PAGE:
John 11:1-45 NIV
Jesus appeared composed as He approached the edge of town. Martha, the sister of his dead friend, Lazarus, rushed to meet Him. When her sister, Mary, reached the place where Jesus was, she fell at His feet and said, “Lord, if you had been here, my brother would not have died.” When Jesus saw her weeping, and the Jews who had come along with her also weeping, He was deeply moved in spirit and troubled. “Where have you laid him?” he asked. “Come and see, Lord,” they replied. Then we read that profound sentence: Jesus wept (John 11: 32-35).
“Jesus wept.” Two simple words that carry a world of significance. John 11:35 is the shortest verse in all the Bible, but it is one of the most powerful because it provides an intimate glimpse into the character of the Creator.
Many depictions of Jesus portray Him as One who calmly and collectedly floats above the grit and grime of human existence. But the Scriptures tell a different story. It is the story of a God who grieves. Once on a hill overlooking Jerusalem He wept for the nation. On the way to His friend’s grave, He weeps for those who mourn. That is the Messiah, weeping not just for us in our sin, but with us in our suffering. It is astonishing that our condition could trouble His spirit; that our pain could invoke His tears.
Jesus experienced human emotions. “A man of sorrows,” the prophet foretold, “and acquainted with grief” (Isa. 53:3). God Himself has taken on our humanity in the person of Jesus, and with it, our feelings. We are finite and frail, but our emotions are compelling. We celebrate. We grieve. We rejoice, and we weep. And so did the Messiah.
John 11, verse 5, makes it clear that “Jesus loved Martha, her sister Mary, and Lazarus.” His tears were not because He lacked faith. It wasn’t that Jesus didn’t know that Lazarus was sick; his death was not news, and yet coming into the community, entering into the presence of those who were actively grieving, Jesus felt their grief. He felt His own and expressed it. He was “deeply moved,” as the writer of John’s Gospel put it. He embodied the emotions and expressed them in honest, straightforward, and life–giving ways. But His tears are not solely rooted in love. He has righteous anger at death and unbelief. John says that He is “deeply moved in His spirit and greatly troubled.” He is indignant and disturbed. He is standing face to face with death, and He knows what it will take to overcome it. This time He will wake Lazarus, but in time, He will lay down his own life.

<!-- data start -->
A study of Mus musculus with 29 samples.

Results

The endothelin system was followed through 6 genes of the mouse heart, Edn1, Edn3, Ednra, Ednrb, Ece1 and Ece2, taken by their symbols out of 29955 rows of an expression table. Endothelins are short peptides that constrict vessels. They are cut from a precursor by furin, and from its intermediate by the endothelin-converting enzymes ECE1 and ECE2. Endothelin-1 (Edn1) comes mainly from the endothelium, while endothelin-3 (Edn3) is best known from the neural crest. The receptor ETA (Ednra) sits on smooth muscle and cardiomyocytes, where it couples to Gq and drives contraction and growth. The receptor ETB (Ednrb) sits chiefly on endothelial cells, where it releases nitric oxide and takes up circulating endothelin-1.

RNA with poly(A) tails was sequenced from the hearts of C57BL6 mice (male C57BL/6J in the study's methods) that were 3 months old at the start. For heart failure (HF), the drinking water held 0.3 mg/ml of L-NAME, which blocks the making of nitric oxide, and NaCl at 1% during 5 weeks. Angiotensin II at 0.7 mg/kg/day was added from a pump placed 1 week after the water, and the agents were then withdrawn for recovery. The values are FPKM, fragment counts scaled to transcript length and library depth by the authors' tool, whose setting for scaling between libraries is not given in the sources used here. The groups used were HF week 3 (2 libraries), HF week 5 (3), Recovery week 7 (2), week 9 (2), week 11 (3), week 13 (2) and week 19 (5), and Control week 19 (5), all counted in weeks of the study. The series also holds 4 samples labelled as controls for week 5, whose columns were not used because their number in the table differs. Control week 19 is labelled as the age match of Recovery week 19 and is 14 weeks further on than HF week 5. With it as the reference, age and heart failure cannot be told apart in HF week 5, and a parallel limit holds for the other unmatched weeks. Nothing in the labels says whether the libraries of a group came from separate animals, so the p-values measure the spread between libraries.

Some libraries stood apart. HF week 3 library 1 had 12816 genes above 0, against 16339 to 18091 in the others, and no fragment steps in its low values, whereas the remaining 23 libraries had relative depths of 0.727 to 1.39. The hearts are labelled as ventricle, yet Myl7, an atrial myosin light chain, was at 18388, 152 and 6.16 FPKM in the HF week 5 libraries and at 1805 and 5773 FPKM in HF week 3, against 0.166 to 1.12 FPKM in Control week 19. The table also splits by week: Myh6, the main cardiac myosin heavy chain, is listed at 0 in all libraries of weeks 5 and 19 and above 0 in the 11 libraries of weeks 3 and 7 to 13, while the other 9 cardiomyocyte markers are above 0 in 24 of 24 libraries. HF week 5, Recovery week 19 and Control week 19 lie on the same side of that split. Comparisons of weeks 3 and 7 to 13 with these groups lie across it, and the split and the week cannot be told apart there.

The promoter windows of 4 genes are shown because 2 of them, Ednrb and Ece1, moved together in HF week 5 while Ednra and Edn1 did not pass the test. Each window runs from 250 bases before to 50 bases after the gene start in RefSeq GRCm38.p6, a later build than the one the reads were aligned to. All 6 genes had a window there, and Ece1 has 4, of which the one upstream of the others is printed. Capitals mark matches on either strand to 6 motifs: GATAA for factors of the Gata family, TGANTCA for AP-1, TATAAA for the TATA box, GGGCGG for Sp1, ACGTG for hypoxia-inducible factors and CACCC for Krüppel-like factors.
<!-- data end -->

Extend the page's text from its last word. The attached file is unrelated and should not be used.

The love expressed in verses 5 and 36, and the outrage of verse 33, lead to the tears of verse 35. Because He loved, and because He stared death in the face, He burst into tears. The people had been crying, but Jesus wept. Grief and belief in the resurrection are not an either-or proposition. Jesus shows us that they are both, and we can feel the sorrow and the pain of loss and have deep abiding faith.
Jesus knew that Lazarus would rise again, and yet He wept. And in those tears, we see a God who draws near. He has not called us to a world He was unwilling to enter. We suffer no pain He is reluctant to bear, and we have no grief that He is unwilling to carry. The very heart of the message is that our joyful God so loved our weeping world that He gave His own Son to weep with us, that whosoever believes in Him will not weep forever but have everlasting joy. The one who wipes away every tear has shed His own.
When we wrestle with circumstances beyond our control, when suffering and grief pin us to the cold hard ground, we can follow the trail of Jesus’ tears in the sweetest fellowship of suffering. Because embracing pain does not negate our faith. We can lean into the sorrow of a moment and still, with great hope, enjoy the coming resurrection. The raising of Lazarus is an amazing moment. It reveals that Jesus was who He said He was—the resurrection and the life. But it reveals something else—the tears of God. And who is to say which is more profound—a man who raises the dead, or a God who weeps?